As someone who's followed Bank of America (NYSE:BAC) closely for years, I can't think of a time since the financial crisis that's as jam-packed as the next three weeks with events that will dictate the direction of bank-stock prices. From the stress test results to a possible dividend increase to the vote in the United Kingdom to exit the European Union, it's fair to say that investors in the nation's second-biggest bank by assets could be in for a wild ride between now and the end of June.
Even though Bank of America has navigated through the Federal Reserve-administered stress tests every year since 2011, it's still far from a sure bet that it will emerge from the gauntlet this year unscathed -- the results are due out on June 23. We got a taste for this last year, when the Fed required Bank of America to resubmit its capital plan to address weaknesses in the bank's capital-planning processes.
Investors got a second serving of Bank of America's struggles to satisfy regulators more recently when the Fed rejected its so-called resolution plan, which directs how a bank will wind down if it finds itself on the brink of failure. The Fed said in the middle of April that Bank of America's plan, along with those of four other major U.S. banks, "was not credible or would not facilitate an orderly resolution under the U.S. Bankruptcy Code, the statutory standard established in the Dodd-Frank Wall Street Reform and Consumer Protection Act."
If Bank of America were to run into problems on this year's stress test, there's little doubt that its shares would suffer. A recent analysis by Merrill Lynch, which is a Bank of America subsidiary, showed that there's a direct relationship between a bank's stock price and its stress-test performance: Banks that do well see their stock prices rise, while banks that do poorly see their stock prices fall.
Making matters worse, if Bank of America struggles on this year's test, it probably wouldn't receive approval from the Fed to raise its dividend. Unlike Wells Fargo and JPMorgan Chase (NYSE:JPM), both of which have boosted their quarterly payouts annually over the last five years, Bank of America has been allowed to increase its dividend once given its past troubles on the stress tests. Investors will know whether or not this is the case on June 29, when the Fed releases the results of the Comprehensive Capital Analysis and Review.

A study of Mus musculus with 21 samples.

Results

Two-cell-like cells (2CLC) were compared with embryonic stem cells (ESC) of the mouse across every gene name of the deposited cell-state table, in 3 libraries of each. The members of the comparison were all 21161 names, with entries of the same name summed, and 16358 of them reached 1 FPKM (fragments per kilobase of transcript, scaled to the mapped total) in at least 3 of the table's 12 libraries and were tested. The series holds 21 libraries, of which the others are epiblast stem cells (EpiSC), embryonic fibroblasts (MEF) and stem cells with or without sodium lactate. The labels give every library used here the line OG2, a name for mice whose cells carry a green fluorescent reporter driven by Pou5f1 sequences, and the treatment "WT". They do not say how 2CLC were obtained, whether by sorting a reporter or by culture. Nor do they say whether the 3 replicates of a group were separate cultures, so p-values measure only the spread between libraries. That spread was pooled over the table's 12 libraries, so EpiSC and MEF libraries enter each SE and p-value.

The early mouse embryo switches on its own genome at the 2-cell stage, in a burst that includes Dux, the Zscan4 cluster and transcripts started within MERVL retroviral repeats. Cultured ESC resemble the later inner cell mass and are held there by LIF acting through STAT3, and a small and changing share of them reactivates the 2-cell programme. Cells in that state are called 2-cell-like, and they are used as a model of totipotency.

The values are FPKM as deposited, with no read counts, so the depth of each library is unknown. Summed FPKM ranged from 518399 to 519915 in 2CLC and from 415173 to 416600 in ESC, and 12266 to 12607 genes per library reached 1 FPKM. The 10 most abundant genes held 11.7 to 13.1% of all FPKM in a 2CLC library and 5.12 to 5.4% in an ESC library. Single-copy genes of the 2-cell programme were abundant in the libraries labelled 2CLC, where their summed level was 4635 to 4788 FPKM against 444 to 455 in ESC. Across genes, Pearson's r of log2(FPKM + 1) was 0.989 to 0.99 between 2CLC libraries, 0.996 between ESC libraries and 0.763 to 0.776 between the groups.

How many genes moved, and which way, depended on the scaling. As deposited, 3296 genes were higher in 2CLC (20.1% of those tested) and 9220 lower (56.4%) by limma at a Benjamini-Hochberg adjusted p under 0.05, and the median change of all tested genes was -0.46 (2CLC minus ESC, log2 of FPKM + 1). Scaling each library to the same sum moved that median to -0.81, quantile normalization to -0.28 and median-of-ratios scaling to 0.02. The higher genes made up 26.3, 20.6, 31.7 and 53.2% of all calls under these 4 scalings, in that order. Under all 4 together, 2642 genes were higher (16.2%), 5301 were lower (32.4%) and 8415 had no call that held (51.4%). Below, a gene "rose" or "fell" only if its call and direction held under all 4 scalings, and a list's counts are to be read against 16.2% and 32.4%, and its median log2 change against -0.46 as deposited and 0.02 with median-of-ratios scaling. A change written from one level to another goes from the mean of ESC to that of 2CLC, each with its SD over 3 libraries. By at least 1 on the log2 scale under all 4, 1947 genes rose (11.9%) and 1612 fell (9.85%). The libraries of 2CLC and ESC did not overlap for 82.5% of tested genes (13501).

Not only does a low dividend weigh on the bank's profitability, as it allows capital to build up on Bank of America's balance sheet, which, in turn, reduces its return on equity, but it also signals to investors that regulators don't have confidence in the nation's second-largest bank by assets. And in a business like banking that relies on confidence and trust, the lack thereof filters directly into a bank's valuation. This goes a long way toward explaining why Bank of America's shares continue to trade for a 40% or more discount to its book value.
June 23 is also important because it's the day that voters in the United Kingdom will vote on whether or not to stay in the European Union. Jamie Dimon, the chairman and CEO of JPMorgan Chase, was recently in England as a show of support for the status quo. If the United Kingdom were to break off from the rest of Europe, not only would it cause extreme market volatility, but JPMorgan Chase also said that it would require banks to relocate many London-based operations to the continent. Bank of America is likely in the same boat given that it also has a substantial investment-banking presence in London.
The net result would be twofold. In the first case, the heightened volatility in the markets would likely hit banks' trading revenues. This was the case in the first quarter, where Bank of America, Citigroup, and JPMorgan Chase all saw double-digit declines in trading activity as scared clients chose to stay on the sidelines to wait out the turmoil. Additionally, it's fair to assume that moving offices and thousands of employees from England to the continent wouldn't be cheap.
It remains to be seen, of course, how the vote in the United Kingdom comes out, as well as how Bank of America performs on this year's stress tests. But regardless of the outcomes, investors in the meantime would be doing themselves a favor by assuming the worst, and hoping for the best.
John Maxfield owns shares of Bank of America and Wells Fargo. The Motley Fool owns shares of and recommends Wells Fargo. The Motley Fool recommends Bank of America. Try any of our Foolish newsletter services free for 30 days. We Fools may not all hold the same opinions, but we all believe that considering a diverse range of insights makes us better investors. The Motley Fool has a disclosure policy.